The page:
Tuesday, September 06, 2022

Histories of the Irish: Wilson and O'Toole

My favourite moment in David Wilson's Canadian Spy Story: Irish Revolutionaries and the Secret Police comes early on, when Wilson is reviewing the historiography. He declares that practically all historians who have taken note of the Fenian campaigns against British North America/Canada  -- at the end of the American Civil War and during the shaping of Canadian Confederation -- have wrongly dismissed the Fenians as a comic-opera troupe, hopelessly infiltrated by government agents and unable to pose any serious threat to anyone.

Hmm, I thought: Didn't I wrote words to that effect in my 1867: How the Fathers Made A Deal? Is there an endnote exposing my follies along with a rogues gallery of misinformed historians. I flipped to the back where the endnotes are, to see who gets exposed as having been wrong, wrong, wrong.

Turns out the only historian David Wilson exposes in the notes is ... David Wilson. His endnote shows that he himself had dismissed the Fenians in something he wrote years ago. Pretty classy move, I thought: the mature authority calmly takes responsibility on himself instead of gleefully seizing an opportunity to expose the follies of all rival scholars.

A lot of the book has that air of calm and judicious authority, in fact. Wilson's topic is principally that 1860s moment, but he's just as authoritative when he touches on 1798 or 1848 or 1922 or any other of the stations of the Fenian cross. And he is as comfortable with Irish or American as with Canadian history.

It's an important part of Canadian Spy Story that the Fenians were not just Irish-American outsiders plotting invasions of British North America. There were quite a few homegrown Fenians in Canada East and Canada West. And they were not so open to surveillance as was believed: quite a few Fenian operations remained impervious to state intelligence in Britain, the US, and Canada. 

Nevertheless, a large part of Canadian Spy Story focusses on the police service/spy agency launched in Canada East and Canada West to confront the Fenians. It was launched to prevent Confederate American attempts to use Canada as a launching point for attacks on the northern states.  But with that threat dissolved, it pivoted quickly to the Fenians. The Canada East program reported directly to Attorney-General George-Etienne Cartier; the Canada West program to A-G John A. Macdonald.  Sadly, the destruction of Cartier's papers at his death means virtually no detailed records survive of the anti-Fenian program on the Quebec border. But the record of espionage and counter-espionage work by its Canada West counterpart survives in Macdonald's papers. Wilson recounts and scrutinizes that side of the fight in great detail -- and indeed gives Macdonald a good deal of credit for its successes. 

(Disclosure: David Wilson has been a friend of mine for many years, so....)

The other big Irish book this summer is Irish-Irish rather than Irish-Canadian: Fintan O'Toole's We Don't Know Ourselves: A Personal History of Modern Ireland. O'Toole is just about the liveliest opinion journalist in the English-speaking world these days. He has also written a shelf of books on Irish, British, and American politics as well as on Shakespeare and whatever catches his interest.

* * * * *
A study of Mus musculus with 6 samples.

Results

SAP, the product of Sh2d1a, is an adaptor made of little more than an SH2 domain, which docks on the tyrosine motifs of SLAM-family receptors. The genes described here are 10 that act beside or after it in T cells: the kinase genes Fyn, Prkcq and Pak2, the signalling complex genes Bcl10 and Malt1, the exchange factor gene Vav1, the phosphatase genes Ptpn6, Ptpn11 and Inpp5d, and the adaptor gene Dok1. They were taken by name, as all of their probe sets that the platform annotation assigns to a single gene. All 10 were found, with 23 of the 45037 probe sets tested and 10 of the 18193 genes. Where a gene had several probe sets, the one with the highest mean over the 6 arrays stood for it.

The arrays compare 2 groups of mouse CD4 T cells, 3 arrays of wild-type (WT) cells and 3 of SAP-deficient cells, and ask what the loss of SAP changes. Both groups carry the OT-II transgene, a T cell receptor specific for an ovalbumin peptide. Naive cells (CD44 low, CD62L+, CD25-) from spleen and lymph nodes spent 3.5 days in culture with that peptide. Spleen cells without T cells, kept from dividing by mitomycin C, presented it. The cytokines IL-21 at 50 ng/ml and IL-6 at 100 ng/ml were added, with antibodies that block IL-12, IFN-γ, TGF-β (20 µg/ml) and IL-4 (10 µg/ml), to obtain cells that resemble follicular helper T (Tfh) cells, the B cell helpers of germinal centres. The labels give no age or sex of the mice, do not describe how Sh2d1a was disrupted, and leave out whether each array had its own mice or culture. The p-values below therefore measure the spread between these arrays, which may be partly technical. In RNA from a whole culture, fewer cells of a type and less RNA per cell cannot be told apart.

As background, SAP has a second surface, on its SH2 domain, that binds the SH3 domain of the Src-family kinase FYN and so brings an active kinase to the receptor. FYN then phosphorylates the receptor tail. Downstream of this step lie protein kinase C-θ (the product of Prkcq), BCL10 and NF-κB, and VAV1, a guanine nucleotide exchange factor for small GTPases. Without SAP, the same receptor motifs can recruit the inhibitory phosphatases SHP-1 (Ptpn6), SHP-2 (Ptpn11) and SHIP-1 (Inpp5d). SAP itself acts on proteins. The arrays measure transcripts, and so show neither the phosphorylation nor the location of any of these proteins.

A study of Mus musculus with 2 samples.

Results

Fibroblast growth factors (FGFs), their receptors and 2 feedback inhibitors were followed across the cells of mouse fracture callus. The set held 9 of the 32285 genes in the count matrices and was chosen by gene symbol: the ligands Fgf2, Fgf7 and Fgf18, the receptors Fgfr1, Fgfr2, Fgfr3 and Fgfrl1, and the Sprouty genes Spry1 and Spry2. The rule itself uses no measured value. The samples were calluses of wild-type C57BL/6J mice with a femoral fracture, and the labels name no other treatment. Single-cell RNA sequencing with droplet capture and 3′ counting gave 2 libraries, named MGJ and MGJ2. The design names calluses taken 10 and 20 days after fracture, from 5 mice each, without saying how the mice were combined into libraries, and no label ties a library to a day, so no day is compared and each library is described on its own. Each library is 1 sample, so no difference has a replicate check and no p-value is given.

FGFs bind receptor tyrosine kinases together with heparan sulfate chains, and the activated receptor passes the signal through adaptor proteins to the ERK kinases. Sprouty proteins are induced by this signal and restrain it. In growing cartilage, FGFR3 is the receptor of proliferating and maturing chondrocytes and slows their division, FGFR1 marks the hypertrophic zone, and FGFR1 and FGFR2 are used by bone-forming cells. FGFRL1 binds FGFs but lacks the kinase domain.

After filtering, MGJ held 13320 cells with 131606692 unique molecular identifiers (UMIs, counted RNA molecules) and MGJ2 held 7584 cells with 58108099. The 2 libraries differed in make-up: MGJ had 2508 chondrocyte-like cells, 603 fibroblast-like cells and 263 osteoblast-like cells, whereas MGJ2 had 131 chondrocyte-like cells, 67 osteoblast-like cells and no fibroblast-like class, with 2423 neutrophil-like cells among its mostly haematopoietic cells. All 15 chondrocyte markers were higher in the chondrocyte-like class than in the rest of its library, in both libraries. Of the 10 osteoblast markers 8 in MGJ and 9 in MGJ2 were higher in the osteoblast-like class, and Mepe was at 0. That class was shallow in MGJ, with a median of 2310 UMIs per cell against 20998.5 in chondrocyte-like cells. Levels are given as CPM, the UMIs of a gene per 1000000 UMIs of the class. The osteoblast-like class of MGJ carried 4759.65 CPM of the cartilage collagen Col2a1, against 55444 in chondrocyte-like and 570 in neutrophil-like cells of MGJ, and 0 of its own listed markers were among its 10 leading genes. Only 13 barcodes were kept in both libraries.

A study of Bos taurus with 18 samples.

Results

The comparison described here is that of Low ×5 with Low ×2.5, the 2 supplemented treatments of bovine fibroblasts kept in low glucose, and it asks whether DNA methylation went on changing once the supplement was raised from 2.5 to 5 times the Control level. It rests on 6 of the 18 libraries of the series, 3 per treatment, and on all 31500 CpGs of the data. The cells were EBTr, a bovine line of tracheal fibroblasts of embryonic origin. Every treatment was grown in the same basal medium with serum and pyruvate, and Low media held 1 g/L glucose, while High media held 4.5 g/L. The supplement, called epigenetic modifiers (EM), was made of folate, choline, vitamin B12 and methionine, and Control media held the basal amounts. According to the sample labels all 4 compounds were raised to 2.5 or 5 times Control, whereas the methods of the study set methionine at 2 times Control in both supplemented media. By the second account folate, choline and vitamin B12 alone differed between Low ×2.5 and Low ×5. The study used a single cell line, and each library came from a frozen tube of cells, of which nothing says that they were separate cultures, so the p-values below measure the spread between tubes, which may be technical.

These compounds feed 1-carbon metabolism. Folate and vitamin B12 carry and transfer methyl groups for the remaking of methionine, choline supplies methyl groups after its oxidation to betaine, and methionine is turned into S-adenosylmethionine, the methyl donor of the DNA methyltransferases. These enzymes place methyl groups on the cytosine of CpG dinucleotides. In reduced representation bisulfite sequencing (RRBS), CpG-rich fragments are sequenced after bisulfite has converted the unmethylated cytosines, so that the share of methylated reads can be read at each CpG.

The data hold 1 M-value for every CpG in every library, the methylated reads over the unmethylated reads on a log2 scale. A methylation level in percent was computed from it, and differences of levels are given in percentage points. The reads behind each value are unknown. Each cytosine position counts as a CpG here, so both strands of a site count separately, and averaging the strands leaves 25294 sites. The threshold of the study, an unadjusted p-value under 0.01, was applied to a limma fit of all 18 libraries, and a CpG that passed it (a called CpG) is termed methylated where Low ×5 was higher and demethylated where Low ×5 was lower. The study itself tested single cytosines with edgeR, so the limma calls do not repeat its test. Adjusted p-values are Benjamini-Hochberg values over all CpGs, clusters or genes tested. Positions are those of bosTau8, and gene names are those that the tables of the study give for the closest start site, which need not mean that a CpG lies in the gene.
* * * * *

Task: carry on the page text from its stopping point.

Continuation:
Of the new book, O'Toole says he thought he would write a memoir but decided his own life wasn't very interesting. So he has written a sort of a history of Ireland since 1958 (his birth year), but constantly taking his own situation as a kind of orientation point to Ireland's evolutions. 

It's a hell of a read once it gets going. Just as O'Toole was born, Ireland took the first steps to joining what would be the European Community, somehow believing, as he puts it, that "everything would change economically but everything would stay the same culturally." The rest of the book explores, with great wit and imagination, how everything young Fintan would experience demonstrates how mistaken that belief was. Essentially it charts, through a lot of a remarkably personal (and often very funny) examples, the evolution of Eire from a poor, backward, isolated clerico-nationalist tyranny to a relatively prosperous and tolerant modern society. 

Its one weakness, I think, is placing the Troubles in all that. Eire, even in its modernizing and secular aspects, basically tolerated the civil war in Northern Ireland. The southern Irish, broadly, would have been willing to see the Provos' terror campaign  -- driven by all the myths that underlay the worst aspects of the old Irish state -- succeed in forcing the northern Protestants into submission and forcible inclusion into the Irish (and still militantly Catholic) state. It was not southern Ireland that put an end to the Troubles.  And O'Toole, while deploring the IRA and all it did during the Troubles, never really interrogates Irish society's passive complicity. It seems like a hole in an otherwise remarkable book. 

Particularly when O'Toole's predecessor as the great analyst of Ireland, Conor Cruise O'Brien, had  already exposed the South's complicity in honouring the toxic nationalist myths that fuelled the IRA  --in 1972, in his great book States of Ireland.